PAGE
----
China adds 32 deaths to dismal work safety statistics
Beijing (AFP) Dec 27, 2008
Thirty-two people died in two separate accidents in China Saturday, as a blast ripped through a rural area while a lift crashed on an urban building site, highlighting the nation's poor work safety record.
In the first of the incidents, an explosion erupted at 1:12 am (1712 GMT Friday) in the village of Donggancheng, in central China's Henan province, the Xinhua news agency reported.
"Fifteen people died and nine were injured," said an official with the Henan provincial work safety bureau, speaking to AFP by telephone and giving only his surname, Huang.
While rescue work had already been completed by noon Saturday, investigations were launched into why the tragedy took place.
Xinhua suggested the explosion was due to illegal storage of detonators, adding that police were targeting unidentified people suspected of having broken safety regulations.
Ten homes collapsed and 60 were damaged in the powerful explosion, Xinhua said.
"I heard a strong explosion at midnight, and the windows shattered," 50-year-old Wang Shunjiao told Xinhua.
Explosives are widely available in the Chinese countryside, where they are used for construction work, and deadly accidents happen frequently.
In the day's second fatal incident, 17 people died after a construction lift crashed to the ground on a building site.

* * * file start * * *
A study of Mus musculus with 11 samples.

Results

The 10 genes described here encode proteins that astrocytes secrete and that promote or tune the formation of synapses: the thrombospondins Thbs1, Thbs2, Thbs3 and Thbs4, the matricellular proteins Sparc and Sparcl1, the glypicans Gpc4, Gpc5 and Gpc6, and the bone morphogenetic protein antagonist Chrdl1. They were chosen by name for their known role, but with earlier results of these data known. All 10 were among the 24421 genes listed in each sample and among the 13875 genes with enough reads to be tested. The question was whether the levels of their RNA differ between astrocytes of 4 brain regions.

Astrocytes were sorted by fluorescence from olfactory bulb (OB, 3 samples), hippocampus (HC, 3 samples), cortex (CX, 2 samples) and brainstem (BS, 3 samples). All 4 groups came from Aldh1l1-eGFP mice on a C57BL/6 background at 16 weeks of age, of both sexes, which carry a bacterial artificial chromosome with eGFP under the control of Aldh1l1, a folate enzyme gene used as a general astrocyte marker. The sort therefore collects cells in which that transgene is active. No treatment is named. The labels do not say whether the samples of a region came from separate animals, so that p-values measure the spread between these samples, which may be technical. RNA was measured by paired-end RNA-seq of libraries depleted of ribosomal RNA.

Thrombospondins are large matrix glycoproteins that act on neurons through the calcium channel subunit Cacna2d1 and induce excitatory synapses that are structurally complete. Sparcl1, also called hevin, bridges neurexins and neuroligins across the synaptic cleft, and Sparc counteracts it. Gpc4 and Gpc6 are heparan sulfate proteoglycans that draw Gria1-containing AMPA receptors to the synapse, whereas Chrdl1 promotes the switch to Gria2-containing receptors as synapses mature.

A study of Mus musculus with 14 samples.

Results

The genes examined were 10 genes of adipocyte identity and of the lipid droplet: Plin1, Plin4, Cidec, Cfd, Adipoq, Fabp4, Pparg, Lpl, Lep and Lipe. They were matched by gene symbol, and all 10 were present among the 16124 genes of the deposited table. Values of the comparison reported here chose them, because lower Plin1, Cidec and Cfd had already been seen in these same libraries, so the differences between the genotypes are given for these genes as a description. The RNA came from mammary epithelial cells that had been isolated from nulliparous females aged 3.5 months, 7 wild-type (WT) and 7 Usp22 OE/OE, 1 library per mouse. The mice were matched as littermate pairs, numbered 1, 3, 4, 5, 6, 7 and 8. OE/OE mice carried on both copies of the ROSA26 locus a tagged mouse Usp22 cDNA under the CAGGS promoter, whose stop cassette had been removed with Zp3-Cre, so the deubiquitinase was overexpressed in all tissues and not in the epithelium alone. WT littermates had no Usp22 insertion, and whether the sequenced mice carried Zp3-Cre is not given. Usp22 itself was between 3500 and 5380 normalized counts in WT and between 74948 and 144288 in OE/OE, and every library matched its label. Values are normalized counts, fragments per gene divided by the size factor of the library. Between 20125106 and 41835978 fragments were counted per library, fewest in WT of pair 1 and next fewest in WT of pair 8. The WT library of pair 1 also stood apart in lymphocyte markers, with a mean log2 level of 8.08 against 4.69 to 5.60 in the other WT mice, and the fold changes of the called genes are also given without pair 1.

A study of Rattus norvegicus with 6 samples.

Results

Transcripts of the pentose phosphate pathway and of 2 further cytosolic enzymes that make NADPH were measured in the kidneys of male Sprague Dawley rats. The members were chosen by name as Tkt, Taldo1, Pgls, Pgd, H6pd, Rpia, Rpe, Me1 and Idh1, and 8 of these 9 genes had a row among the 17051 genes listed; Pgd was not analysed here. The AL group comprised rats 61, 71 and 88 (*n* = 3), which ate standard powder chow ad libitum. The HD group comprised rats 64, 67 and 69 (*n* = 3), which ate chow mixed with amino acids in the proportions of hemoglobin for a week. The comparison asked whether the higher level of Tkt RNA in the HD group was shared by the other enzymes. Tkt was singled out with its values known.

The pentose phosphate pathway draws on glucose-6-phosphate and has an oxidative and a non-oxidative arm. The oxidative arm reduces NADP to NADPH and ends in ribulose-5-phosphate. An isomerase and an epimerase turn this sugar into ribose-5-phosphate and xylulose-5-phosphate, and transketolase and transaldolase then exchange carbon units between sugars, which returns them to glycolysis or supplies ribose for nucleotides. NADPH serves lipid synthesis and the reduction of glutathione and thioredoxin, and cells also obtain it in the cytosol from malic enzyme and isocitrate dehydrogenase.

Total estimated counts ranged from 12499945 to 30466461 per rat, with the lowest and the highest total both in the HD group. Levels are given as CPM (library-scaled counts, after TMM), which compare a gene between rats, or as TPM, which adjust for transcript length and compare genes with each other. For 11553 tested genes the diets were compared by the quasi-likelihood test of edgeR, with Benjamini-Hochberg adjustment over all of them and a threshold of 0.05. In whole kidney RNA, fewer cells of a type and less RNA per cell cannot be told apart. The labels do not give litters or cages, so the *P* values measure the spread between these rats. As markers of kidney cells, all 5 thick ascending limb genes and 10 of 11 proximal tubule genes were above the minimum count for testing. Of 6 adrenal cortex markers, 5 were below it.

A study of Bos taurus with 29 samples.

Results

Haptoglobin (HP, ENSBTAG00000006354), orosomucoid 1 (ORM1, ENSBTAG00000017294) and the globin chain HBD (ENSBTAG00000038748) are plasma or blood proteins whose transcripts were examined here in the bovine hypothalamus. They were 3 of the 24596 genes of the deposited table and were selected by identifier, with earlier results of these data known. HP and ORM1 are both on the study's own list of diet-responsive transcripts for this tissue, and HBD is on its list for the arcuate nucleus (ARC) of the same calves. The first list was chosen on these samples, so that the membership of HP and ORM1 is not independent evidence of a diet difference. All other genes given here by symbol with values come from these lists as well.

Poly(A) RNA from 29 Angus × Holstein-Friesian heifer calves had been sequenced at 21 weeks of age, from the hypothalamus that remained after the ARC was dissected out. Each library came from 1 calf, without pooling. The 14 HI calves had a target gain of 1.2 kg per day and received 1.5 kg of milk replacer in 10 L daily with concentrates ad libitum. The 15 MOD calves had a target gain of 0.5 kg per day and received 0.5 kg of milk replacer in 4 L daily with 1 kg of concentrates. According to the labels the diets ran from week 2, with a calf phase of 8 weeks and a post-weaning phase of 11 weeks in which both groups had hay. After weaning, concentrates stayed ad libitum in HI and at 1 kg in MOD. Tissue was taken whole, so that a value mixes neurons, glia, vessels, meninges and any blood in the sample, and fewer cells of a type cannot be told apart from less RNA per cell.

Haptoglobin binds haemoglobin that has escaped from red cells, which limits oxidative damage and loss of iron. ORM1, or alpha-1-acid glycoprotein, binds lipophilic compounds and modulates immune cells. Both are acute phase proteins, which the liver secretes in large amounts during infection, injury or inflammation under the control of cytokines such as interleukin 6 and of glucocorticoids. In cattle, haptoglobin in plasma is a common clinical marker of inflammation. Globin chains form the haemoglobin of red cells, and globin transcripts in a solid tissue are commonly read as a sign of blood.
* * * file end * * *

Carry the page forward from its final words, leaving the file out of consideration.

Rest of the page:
The accident happened at about 7:30 am (2330 GMT Friday) in the city of Changsha, capital of Hunan province, also in central China, according to state media and officials.
"Sixteen people died when the lift crashed and two were seriously injured," an official at the Changsha work safety bureau surnamed Guan told AFP. "One of the two injured later died in hospital."
Xinhua reported the lift plummeted to the ground with 18 people shortly after five occupants had got off at the 17th floor.
The lift had only been designed to carry 12 people, Xinhua said, adding that police had detained the construction company's general manager, project chief and lift operator.
China has experienced a construction boom in recent years and new buildings continue to be erected at a brisk pace despite the global economic crisis.
The country's work safety record, however, is notorious, and thousands of people die every year in mines, factories and on construction sites, according to official sources.
Partial data from the State Administration of Work Safety showed 1,942 people died in large work-related accidents in the period from January 1 to December 14.
The administration said 99 people lost their lives on construction sites over the period, while it did not give a figure for deaths caused by explosions.
The figures are likely to amount to a drastic understatement of the real extent of safety problems at Chinese work places, as they do not include fatalities from smaller incidents.
Official data also give an overly rosy picture because many accidents are covered up by local officials worried that they may be punished for flawed supervision, observers have argued.